Wales has the largest population of Red Kites in the United Kingdom with an estimated 750-900 individuals in 2008, most of them concentrated in central Wales.
The red kite has a wingspan of nearly two metres, but a relatively small body weight of 2 – 3 lbs. This means the bird is incredibly agile, and can stay in the air for many hours, soaring over the countryside with hardly a beat of its wings.
This magnificently graceful bird of prey is unmistakable with its reddish-brown body, angled wings and deeply forked tail. It was saved from national extinction by one of the world’s longest running protection programmes, and has now been successfully re-introduced to England and Scotland. It is an Amber List species because of its historical decline.
Gigrin Farm (gigrin.co.uk)
At Gigrin Farm feeding station you can do some splendid bird watching, the biggest attraction being the red kite. The birds are fed daily at the same time, 2pm from October 30th and 3pm from the last weekend in March. The kites will come everyday, year round and a rare white kite can be seen regularly at the feeding station, along with crows, ravens and buzzards. The farm is a 20 mile drive from Bryncelyn guest house.
While bad weather is usually something to put you off the kites are actually more likely to come out for a meal if the weather has taken a turn for the worse.
Red Kite Feeding Station (redkiteswales.co.uk)
There are usually over 50 birds attending the feeding sessions made up from an assortment of crows, ravens, buzzards and red kites so there are great opportunities for some bird watching and you won’t be disappointed.
The feeding station is a 18 mile drive from Bryncelyn guest house and no booking required. The Red Kites are fed at the same time everyday, during British Summer Time (BST) this is at 3.00pm and during other months (GMT) this is at 2.00pm
Gwenffrwd-Dinas RSPB reserve (rspb.org.uk)
Enjoy a walk through enchanting alder and oak woodland, past fast-flowing, spectacular rivers. This reserve is set in the heart of the beauty of mid Wales and is the rumoured hide-out of the Welsh Robin Hood, Twm Sion Cati.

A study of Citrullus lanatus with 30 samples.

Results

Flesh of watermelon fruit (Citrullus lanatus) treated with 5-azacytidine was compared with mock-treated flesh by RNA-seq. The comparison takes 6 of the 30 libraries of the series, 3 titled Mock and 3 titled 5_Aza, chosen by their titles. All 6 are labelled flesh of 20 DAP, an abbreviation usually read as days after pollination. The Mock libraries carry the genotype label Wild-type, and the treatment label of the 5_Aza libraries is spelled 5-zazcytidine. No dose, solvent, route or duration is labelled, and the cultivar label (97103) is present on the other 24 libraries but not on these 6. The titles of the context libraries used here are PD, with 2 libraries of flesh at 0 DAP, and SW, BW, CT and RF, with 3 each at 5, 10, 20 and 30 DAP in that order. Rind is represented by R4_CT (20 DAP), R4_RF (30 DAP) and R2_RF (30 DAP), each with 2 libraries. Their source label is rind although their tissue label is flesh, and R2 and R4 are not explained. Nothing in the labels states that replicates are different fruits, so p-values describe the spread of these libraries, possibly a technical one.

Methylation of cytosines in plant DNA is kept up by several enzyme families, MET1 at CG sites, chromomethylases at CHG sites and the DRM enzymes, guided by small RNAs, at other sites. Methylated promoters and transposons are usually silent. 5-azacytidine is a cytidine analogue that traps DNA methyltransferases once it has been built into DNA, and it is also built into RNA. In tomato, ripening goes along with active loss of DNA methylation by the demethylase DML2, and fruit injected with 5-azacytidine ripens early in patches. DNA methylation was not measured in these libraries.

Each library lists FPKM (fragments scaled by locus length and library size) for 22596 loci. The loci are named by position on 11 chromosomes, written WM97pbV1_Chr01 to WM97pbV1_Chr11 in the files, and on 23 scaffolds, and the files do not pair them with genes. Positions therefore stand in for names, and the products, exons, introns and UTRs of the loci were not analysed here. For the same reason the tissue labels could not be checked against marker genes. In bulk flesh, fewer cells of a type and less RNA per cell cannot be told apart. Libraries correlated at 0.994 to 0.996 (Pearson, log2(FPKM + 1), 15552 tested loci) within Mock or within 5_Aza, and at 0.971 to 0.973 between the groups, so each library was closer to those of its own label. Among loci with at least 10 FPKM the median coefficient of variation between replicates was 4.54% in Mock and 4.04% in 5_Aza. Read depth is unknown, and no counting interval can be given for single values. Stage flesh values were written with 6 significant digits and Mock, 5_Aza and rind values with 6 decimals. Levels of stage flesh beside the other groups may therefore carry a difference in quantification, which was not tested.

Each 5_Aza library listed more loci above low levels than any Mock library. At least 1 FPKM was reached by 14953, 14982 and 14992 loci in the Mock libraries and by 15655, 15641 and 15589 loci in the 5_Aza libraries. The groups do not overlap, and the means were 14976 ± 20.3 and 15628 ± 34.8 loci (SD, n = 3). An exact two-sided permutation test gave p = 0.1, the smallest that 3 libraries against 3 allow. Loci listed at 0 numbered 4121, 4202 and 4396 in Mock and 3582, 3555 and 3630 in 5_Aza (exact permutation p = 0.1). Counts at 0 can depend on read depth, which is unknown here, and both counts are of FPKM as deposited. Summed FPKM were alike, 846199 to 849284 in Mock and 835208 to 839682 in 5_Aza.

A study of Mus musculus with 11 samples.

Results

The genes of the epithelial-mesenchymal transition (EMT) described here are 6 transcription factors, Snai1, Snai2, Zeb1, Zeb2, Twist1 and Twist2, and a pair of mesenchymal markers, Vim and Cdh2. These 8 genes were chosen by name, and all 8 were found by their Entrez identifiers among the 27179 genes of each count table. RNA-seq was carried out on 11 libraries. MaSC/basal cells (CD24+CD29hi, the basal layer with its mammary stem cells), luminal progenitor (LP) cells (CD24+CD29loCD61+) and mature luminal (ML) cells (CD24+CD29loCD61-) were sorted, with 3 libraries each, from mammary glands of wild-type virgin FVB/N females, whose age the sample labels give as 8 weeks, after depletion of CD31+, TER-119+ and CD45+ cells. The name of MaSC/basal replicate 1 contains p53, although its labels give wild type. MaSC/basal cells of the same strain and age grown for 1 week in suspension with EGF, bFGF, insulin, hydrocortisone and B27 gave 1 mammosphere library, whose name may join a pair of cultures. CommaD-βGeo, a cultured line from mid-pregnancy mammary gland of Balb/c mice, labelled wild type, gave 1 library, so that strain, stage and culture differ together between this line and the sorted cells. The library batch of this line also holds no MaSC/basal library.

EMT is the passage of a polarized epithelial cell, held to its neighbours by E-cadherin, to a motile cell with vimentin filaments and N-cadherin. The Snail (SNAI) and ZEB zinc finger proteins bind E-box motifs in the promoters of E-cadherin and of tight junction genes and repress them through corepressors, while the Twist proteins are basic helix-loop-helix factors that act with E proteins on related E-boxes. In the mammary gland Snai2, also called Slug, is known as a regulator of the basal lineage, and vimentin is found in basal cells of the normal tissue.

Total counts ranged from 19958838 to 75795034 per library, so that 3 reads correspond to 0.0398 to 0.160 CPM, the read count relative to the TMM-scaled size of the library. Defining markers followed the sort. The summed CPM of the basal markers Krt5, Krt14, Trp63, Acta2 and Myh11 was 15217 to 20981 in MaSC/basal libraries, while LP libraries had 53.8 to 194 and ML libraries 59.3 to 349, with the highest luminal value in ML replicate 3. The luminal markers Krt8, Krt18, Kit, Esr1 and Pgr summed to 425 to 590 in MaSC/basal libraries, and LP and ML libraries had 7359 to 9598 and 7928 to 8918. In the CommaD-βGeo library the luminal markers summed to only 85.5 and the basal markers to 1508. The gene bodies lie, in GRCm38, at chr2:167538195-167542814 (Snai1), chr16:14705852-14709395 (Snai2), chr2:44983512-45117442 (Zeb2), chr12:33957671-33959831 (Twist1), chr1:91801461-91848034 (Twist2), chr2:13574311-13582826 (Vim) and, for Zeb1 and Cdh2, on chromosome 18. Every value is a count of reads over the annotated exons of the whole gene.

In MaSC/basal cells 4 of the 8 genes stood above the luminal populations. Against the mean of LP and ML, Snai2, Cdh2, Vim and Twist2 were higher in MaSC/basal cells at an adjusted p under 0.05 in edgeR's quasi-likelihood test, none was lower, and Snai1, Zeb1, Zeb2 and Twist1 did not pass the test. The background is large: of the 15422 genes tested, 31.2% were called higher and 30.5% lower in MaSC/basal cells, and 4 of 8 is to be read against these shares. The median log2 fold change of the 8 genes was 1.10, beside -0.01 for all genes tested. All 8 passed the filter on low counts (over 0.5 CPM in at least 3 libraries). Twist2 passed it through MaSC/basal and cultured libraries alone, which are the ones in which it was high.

At the reserve you can do some wonderful bird watching and should have no problem spotting a red kite along with pied flycatchers, redstarts, common sandpipers, dippers and grey wagtails in the summer months. As the trail is set in a steep sided valley, some parts are rugged and steep, and can be slippery when wet. The nature trail is open from dawn to dusk. It’s recommended to allow two hours to complete the nature trail walk.
The reserve is a 16 mile drive from the guest house.
Carngafallt RSPB reserve (rspb.org.uk)
Carngafallt is a wonderful place to do some bird watching or simply enjoy the view. The moorland landscape looks especially colourful in late summer, while spring is the perfect time to come and see migrant birds like redstarts, whinchats and tree pipits. Woodpeckers, pied flycatchers, red kites and buzzards also make the reserve their home, and you may see badgers and hares too. Public footpaths and bridleways provide access to the beautiful nature trails.
The reserve is a 21 mile drive by car. It is open at all times and entry is free but donations are welcome.